As I mentioned, my mom and I headed to France to celebrate my 30th birthday. After a quick stop in Lyon, we got down to business and made our way to Beaune. Task one: take a cooking class at the cook’s atelier (which started with the cook’s atelier market tour). Task two: drink lots of burgundy wine. Task three: eat good food and explore the French countryside.
Our cooking class started with a delightful cook’s atelier market tour. We met Marjorie and Kendall outside Hess Cheese Shop to begin the tour. I have always found cheese shops slightly intimidating. There are so many kinds of cheese, usually with names that I don’t know how to pronounce, and I never know what to get. Of course, in France or Italy my communication is usually stunted and I can’t even ask for a good recommendation. So, it was especially fun to watch Kendall order cheese (she was also kind enough to explain to us what she was buying and how she was crafting her cheese plate–a mix of goat, cow, and sheep cheese, varied textures, a few interesting elements like rolled in ash or topped with lavender.)
From the cheese shop we headed to the indoor portion of the market. There’s nothing I love more than going to the market (in Zagreb we usually head to Dolac every weekend and sometimes even manage to get there before work). The market in Beaune was filled with yummy French goodies.
When I first really started traveling about 12 years ago, it seemed like I was one of the only ones from my friends who was passionate about seeing as much of the world as possible. Now, t seems like everyone (and their mom!) is traveling all the time. I love it! It’s so much fun to see where everyone is traveling to and swap recommendations for cool places to stay and yummy places to eat.
One thing that I find slightly annoying though, is this drive to go to the most “unique” or “authentic” place. I love avoiding tourist traps as much as the next person and I like to think I can appreciate a place for what it is, whether I am in Mongolia or Lisbon. What I hate, is the way that some people these days are turning up their noses at classic European destinations like France or Italy. As if attracting a large number of visitors means that a country is no longer worth visiting.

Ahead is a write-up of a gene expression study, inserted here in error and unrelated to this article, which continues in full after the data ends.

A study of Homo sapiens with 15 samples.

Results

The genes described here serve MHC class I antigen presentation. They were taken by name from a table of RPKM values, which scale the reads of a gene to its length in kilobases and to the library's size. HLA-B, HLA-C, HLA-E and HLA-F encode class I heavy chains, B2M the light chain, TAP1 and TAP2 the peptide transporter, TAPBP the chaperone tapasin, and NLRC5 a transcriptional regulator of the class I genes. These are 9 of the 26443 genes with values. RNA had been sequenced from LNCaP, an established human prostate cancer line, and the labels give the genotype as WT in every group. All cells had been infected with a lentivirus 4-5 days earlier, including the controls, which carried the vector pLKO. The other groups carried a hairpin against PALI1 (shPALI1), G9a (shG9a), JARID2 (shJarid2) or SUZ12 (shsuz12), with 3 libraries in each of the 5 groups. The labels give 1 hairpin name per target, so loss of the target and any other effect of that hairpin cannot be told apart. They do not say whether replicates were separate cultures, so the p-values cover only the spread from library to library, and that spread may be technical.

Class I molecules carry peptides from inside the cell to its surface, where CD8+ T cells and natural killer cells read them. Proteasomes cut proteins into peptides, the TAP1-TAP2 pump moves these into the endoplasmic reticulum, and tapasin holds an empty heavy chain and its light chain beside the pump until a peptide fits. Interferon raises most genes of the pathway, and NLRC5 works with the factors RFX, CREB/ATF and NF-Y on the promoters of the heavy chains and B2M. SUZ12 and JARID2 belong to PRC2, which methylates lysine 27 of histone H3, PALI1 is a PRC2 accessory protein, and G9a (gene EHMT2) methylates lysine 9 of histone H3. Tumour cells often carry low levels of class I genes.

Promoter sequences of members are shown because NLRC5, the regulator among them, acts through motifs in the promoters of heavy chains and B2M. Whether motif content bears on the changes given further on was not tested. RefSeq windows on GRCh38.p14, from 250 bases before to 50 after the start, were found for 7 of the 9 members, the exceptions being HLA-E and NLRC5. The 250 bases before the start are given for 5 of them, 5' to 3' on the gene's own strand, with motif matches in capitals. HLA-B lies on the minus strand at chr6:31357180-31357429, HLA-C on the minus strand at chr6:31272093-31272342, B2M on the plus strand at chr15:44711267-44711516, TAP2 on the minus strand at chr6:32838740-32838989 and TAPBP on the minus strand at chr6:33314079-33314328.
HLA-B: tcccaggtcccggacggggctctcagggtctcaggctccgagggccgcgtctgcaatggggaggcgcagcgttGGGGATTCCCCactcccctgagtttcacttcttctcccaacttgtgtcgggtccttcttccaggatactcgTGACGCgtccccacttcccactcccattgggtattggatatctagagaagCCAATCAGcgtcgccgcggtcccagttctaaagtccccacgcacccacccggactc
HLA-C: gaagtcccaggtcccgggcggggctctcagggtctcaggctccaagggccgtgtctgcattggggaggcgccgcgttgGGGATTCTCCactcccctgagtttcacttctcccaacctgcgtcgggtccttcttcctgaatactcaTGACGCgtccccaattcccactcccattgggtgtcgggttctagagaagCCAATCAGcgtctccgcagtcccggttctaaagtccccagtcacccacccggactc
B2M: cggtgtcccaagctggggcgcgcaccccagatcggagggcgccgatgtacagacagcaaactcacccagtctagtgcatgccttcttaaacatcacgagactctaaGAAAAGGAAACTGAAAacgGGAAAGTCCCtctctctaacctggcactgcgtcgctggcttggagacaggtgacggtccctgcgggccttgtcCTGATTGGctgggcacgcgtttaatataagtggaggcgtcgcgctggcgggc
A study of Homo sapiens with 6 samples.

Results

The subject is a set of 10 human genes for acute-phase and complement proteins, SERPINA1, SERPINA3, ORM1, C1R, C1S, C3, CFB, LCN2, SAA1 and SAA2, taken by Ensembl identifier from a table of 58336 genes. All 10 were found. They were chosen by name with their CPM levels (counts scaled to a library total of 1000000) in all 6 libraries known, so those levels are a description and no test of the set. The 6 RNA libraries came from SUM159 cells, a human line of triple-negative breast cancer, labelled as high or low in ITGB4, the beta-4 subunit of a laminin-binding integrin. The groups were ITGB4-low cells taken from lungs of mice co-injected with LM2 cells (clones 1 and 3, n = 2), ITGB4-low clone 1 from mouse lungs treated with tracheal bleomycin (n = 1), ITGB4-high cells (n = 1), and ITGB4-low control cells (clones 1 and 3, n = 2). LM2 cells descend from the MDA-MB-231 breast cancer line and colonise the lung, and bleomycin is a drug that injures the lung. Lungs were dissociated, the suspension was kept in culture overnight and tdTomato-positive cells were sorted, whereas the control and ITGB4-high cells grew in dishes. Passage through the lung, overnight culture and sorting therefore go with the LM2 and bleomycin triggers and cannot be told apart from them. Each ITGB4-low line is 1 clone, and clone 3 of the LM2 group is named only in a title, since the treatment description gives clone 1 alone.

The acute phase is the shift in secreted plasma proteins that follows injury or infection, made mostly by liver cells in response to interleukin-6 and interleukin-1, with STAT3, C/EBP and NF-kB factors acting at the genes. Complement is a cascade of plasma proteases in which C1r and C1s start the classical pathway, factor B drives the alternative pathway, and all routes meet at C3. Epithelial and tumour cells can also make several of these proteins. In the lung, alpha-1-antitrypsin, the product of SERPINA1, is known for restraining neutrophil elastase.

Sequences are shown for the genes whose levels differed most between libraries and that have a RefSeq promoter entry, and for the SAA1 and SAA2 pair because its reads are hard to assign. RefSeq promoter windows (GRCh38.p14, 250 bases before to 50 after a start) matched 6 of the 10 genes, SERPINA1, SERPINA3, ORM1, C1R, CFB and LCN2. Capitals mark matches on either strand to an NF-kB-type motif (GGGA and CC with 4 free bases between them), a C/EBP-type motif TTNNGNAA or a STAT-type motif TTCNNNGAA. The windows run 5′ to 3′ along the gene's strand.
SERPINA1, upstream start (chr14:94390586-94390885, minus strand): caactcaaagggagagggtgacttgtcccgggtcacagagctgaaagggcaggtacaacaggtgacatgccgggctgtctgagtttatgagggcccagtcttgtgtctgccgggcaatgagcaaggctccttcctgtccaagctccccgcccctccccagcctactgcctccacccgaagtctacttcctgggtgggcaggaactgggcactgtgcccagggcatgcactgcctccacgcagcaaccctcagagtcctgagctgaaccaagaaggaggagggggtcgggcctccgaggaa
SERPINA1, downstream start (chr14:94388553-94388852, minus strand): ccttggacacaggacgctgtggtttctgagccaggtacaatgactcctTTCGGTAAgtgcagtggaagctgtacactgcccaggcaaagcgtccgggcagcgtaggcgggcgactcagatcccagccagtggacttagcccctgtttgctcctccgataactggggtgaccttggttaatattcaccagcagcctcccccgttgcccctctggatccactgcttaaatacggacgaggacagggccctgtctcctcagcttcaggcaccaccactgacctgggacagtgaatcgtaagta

One of my favorite parts about France is the love of packaging and design. Almost everything is beautiful, whether it’s the display of freshly baked baguettes at the market or the adorably glass container your supermarket yogurt comes in. I just love the thoughtful little touches that make life more beautiful. Marjorie and Kendall are also huge fans of gorgeous design (just wait until I show you their workshop).
They are also great supporters of locally sourced products and love to support nearby farmers. It was fun to have them guide us around the market and introduce us to some of their favorite people and products. We saw loads of fresh cheeses, milk, and butter. We got to try a little fois gras (which they promised was made by an ethical farmer…). We were enchanted by the piles of cured meats.
Outside, we saw rows and rows of new herb starts ready to be planted.
Farm fresh eggs ready to be baked into some kind of omelette or maybe a custard!
French breakfast radishes. I’m not sure why these are called breakfast radishes, I don’t think they appear very often at breakfast. Still, they’re always crisp, a little spicy, beautiful to look at, and make a great snack or addition to a salad. Overall, we had a wonderful experience on the cook’s atelier market tour. Next up…actually cooking all the food we got!